You are here

FOCUS ON RESEARCH: Trial Studies Transfusion in High Cardiac Risk Patients

Does the anemic – but high cardiac risk – patient need a blood transfusion, or not?

SVS member Dr. Panos Kougias is leading a study on the best transfusion approach when treating patients at high cardiac risk who become anemic postoperatively.

A total of 1,500 participants at 15 Veteran Administration hospitals will be randomly assigned to receive transfusion at one of two postoperative hemoglobin levels: liberal (less than 10 gm/dL) or restrictive (less than 7 gm/dL).

The TOP Trial – "Transfusion Trigger after Operations in High Cardiac Risk Patients" – is expected to last five years. Eight sites will become operational the first year, with seven more open during years two-five.

Recruitment is expected to begin in September 2017.

"Previous trials have shown that a restrictive transfusion strategy is well tolerated in most clinical settings," said Dr. Kougias, principal investigator at Michael E. DeBakey VA Medical Center.

"But patients at high cardiac risk have not been studied," he said, "and vascular and general surgeons face this transfusion issue frequently."

Study participants are those undergoing major general or vascular surgery interventions. Candidates must have a prior history of coronary arterial disease or ischemic stroke, or they should undergo an open intervention for peripheral arterial disease.

With the exception of complex endovascular aneurysm repairs, the study will exclude endovascular-only interventions and same-day interventions associated with minimal likelihood of postoperative anemia.

National guidelines favor a restrictive transfusion strategy that has been shown to be safe in most stable hospitalized patients, said Dr. Kougias, citing transfusion costs and fear of complications as two reasons for the less liberal policy. But practices vary widely among institutions, with surgeons being uncertain as to the best approach to transfusion for high cardiac risk patients.

"Clinicians are often hesitant to allow those patients to become overly anemic, out of concern that reduced oxygen-carrying capacity in the setting of ischemic heart disease may trigger serious complications," he said.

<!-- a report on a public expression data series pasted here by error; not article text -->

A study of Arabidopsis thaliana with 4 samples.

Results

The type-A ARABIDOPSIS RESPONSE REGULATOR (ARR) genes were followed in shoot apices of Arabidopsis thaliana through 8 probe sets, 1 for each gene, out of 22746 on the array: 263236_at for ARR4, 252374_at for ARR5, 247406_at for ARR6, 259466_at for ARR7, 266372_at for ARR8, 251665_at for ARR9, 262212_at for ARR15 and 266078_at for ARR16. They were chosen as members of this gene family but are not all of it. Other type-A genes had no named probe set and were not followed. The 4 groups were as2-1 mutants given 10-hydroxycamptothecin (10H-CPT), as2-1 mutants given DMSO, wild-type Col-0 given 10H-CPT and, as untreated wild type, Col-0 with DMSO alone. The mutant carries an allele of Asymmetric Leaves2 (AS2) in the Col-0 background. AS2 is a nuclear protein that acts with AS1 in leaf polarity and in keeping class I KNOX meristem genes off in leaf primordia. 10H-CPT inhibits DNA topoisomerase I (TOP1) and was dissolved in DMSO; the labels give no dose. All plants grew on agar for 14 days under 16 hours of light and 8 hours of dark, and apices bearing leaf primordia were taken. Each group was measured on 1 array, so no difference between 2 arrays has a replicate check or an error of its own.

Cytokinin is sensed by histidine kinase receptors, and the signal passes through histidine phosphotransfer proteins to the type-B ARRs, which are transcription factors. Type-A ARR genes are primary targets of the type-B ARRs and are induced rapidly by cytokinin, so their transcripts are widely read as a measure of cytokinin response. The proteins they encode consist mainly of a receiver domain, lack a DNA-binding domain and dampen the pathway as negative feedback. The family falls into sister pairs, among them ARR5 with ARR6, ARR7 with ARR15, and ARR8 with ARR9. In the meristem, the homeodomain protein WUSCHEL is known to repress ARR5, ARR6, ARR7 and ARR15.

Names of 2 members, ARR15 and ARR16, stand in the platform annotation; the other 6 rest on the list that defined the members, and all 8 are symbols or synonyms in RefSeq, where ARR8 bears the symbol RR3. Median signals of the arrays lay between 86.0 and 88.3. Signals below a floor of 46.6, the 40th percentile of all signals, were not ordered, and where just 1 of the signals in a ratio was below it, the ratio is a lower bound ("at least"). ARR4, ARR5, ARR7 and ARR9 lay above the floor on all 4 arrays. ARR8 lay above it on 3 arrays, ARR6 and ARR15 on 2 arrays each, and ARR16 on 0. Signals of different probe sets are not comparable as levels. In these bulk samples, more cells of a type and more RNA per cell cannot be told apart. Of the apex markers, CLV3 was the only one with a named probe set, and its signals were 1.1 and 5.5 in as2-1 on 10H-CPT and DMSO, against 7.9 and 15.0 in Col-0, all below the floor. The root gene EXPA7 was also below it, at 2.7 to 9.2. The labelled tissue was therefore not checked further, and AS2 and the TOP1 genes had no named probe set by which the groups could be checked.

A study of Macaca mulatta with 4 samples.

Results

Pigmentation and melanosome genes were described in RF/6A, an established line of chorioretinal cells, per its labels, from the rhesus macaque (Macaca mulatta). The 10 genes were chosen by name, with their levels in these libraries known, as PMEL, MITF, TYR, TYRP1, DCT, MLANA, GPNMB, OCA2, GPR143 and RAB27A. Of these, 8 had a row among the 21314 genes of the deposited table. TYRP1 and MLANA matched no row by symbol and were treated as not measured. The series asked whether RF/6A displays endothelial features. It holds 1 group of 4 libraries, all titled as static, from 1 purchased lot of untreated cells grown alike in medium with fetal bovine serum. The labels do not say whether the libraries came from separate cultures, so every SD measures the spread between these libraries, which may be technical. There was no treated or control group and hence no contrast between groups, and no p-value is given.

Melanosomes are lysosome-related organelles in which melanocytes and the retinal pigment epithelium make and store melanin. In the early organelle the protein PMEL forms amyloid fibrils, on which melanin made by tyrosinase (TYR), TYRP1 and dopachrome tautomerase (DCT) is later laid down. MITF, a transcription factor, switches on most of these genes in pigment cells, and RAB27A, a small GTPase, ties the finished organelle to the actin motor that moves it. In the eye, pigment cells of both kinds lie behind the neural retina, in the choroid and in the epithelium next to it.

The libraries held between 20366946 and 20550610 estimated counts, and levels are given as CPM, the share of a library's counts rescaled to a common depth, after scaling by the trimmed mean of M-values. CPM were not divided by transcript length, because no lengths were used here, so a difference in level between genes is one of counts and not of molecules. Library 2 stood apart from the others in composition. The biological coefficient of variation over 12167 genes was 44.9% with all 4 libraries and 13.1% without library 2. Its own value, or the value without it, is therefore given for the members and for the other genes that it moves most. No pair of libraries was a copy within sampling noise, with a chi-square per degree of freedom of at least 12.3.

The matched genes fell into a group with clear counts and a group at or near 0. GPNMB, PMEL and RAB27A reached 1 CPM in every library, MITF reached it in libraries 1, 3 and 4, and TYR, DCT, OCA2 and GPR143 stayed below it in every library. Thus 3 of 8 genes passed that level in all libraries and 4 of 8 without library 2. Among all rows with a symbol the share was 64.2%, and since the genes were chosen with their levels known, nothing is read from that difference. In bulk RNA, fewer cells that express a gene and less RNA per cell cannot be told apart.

No matter which approach is determined to be preferable, the trial will have a positive outcome, said Dr. Kougias. "If the liberal transfusion strategy is better – and that’s our hypothesis – then we’ll truly save lives," he said. "Appropriate revisions in national transfusion guidelines will be made."

And if no approach is proven superior, "then the study will provide the definitive evidence needed for widespread adoption of a restrictive transfusion policy to all patient populations, including those at high cardiac risk. The study will provide critical information to clinicians and policy-makers, regardless of its outcome."

Others on the trial’s executive committee include two SVS members, Drs. Hassan Dosluoglu and Peter Nelson; two internists, Drs. Jeff Carson and Frank Lederle; and Dr. George Sarosi, a general surgeon.

The trial is being funded with a $16.9 million grant from the VA Cooperative Studies Program, which represents the Division of Veterans Affairs Research and Development branch that plans and conducts large multicenter clinical trials and epidemiological studies with the Department of Veteran Affairs.